Astronomers can’t stop debating about the definition of a planet (see: Pluto). But one thing is for sure — there are a lot of objects that skirt the line between two types of cosmic bodies.
Now, researchers are adding a new kind of boundary-bending world to the mix. In research set to be published in the Monthly Notices of the Royal Astronomical Society, astronomers named a new class of theorized objects that begin as moons around large planets, but eventually move out on their own. They call them “ploonets.” The scientists think these objects should exist in solitary orbits around their host stars and could even be discovered in observations from past and present exoplanet-hunting surveys, like Kepler and TESS.
And to put a cherry on top of the ploonet pie: Because Earth’s own moon is slowly spiraling away from our planet, the team says our only natural satellite may also end up as a ploonet in some 5 billion years. Unfortunately, that’s just in time for our moon to get fully baked by the sun as our star expands into a red giant, reaching a diameter roughly the size of Earth’s orbit.
What Makes a Ploonet?
Over the past few decades, astronomers have uncovered more than 4,000 confirmed exoplanets, and nearly as many exoplanet candidates. And one thing astronomers have learned from this sizeable census is that a surprisingly high number of massive exoplanets — called “hot Jupiters” — are located oddly close to their host stars. Although at least part of the reason we’ve detected so many hot Jupiters boils down to observational biases, this significant sample of weird planets still raises questions about how planets form.
For one: How do hot Jupiters get so close to their host stars? The classical theory of planetary formation — based on our own solar system — suggests that planets basically form in the same place where they live their whole lives. But partly due to the sheer number of hot Jupiters we’ve seen around other stars so far, modern planetary formation models strongly suggest that large planets undergo great migrations that bring them closer to their stars over time.
During these migration periods, there’s a lot of gravitational jostling for position. And that cosmic mosh pit only intensifies as a planet reaches its final destination near a star. According to the new research, when a planet gets too close to its star, the star’s gravity can eventually eject some moons into orbits around their central star— changing their title from moon to ploonet.
That is, of course, if the moons don’t crash into their planet or host star first. However, based on the team’s new simulations, nearly 50 percent of ejected moons can temporarily survive in stable orbits around their host stars after being booted from their planetary orbits. Additionally, if newly-minted ploonets manage to pick up a bit of mass from the disk of gas and dust surrounding their host star, the ploonets can eventually morph into “fully-fledged small planets,” the authors write.
Though ploonets don’t seem to stick around forever, simulations show that a small percentage can persist for hundreds of millions of years. So, because at least some ploonets can linger for a while, the researchers think that past and current exoplanetary surveys should be able to spot them. “Since the time-scales of our phenomenological model are likely an underestimation of the actual time-scales,” the authors write, “these results imply that the probability of observing a ploonet during these transient processes is relatively high.”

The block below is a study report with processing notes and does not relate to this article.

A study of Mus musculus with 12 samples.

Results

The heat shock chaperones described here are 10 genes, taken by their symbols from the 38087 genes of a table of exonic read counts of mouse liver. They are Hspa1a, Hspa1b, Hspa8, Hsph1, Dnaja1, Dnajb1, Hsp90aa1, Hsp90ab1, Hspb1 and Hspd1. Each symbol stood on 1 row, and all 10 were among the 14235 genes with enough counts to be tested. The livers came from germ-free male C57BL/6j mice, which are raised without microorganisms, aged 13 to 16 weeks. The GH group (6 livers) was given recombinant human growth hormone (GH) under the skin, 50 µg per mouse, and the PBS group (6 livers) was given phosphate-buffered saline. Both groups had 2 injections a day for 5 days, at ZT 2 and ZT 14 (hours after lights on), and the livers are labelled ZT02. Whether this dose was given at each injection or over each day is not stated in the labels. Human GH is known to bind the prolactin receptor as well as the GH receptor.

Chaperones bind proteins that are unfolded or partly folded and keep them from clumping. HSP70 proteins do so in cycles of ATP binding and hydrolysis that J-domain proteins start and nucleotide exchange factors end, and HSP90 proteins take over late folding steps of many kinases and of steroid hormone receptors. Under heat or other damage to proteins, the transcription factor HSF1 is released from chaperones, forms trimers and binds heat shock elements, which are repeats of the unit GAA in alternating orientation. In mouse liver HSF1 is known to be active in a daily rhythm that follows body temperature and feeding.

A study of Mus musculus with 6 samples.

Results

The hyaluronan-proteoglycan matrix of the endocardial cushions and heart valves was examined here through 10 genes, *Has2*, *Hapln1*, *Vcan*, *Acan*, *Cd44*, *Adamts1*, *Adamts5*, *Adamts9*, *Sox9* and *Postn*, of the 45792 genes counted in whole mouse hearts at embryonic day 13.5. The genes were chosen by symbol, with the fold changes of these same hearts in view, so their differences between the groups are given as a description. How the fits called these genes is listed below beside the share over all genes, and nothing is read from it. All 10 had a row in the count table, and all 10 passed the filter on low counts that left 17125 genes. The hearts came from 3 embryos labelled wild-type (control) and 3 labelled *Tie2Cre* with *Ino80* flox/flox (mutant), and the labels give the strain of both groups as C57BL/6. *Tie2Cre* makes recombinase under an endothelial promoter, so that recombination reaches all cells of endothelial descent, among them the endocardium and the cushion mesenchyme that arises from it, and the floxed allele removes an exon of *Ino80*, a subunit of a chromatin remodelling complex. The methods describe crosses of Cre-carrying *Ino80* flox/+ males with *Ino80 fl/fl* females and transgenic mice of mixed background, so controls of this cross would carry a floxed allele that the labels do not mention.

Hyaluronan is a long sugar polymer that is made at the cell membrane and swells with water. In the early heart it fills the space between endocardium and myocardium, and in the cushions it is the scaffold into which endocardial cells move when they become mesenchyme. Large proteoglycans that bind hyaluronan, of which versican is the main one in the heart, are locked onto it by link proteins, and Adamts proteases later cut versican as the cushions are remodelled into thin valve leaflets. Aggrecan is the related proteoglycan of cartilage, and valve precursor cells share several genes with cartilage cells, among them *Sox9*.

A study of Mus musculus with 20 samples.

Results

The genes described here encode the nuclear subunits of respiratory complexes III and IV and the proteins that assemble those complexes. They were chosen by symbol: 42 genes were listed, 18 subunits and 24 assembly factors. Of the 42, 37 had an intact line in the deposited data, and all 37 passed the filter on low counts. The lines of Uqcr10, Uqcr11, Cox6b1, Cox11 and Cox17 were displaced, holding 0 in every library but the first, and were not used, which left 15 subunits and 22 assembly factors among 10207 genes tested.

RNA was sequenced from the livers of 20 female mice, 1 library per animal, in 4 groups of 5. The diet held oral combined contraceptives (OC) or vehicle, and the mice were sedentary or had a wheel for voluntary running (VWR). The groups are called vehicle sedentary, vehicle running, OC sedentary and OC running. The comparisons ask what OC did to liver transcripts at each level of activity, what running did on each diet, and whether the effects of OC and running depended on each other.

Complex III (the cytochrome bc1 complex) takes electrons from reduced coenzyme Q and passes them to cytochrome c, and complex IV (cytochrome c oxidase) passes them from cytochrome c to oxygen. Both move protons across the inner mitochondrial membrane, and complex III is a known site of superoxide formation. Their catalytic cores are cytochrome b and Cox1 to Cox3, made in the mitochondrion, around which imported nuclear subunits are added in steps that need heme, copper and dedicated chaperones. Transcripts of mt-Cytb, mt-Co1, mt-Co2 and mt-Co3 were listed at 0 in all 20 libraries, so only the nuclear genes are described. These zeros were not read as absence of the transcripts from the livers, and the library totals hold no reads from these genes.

Have We Already Found Ploonets?
Although there has yet to be a definitive detection of a ploonet orbiting a star, there are at least a few examples that might fit the bill. The evidence for these potential ploonets comes from perplexing exoplanet observations that have yet to be adequately explained.
For instance, the researchers of the new paper describe how “moon-star collisions could explain the anomalous spectroscopic features of the stars Kronos and Krios (HD 240430 and HD 240429), which show deep traces of heavy elements.” This is because ploonets are likely made up of largely volatile material — which are light elements and compounds like hydrogen and water that rapidly evaporate — and because ploonets are located so close to their host stars, which exposes them to very strong stellar radiation.
According to the authors, this means that over millions of years, a ploonet will lose a significant chunk of its lighter elements, leaving behind a rather heavy-metal ploonet. If these metal-rich ploonets are then absorbed into their host star, they can produce observational signals that suggest the star instead devoured rocky planets, as may be the case with Kronos.
Similarly, a disintegrating ploonet may also explain other strange features found in exoplanetary observations. According to the authors, such observations include “the puzzling behavior of the lightcurves of KIC-8462852 (Tabby’s star) … or the hypothetical exocometary signatures around KIC 12557548 and KIC 3542116. All of these processes, along with their underlying physical mechanisms, still await a proper understanding in the context of planet, moon, and ring-formation theories.”
Though this new research investigated the possibility of ploonets being responsible for some of the stranger exoplanetary light curves observed so far, the authors point out that more research is needed to identify exactly what a ploonet’s signature will look like. When this is pinned down, other researchers can then search through data from Kepler, TESS, and the upcoming James Webb Space Telescope to pick out possible ploonet sightings.
Only then will we know for certain whether ploonets are an interesting hypothetical, or a previously overlooked class of real cosmic objects — one that our moon may join billions of years from now.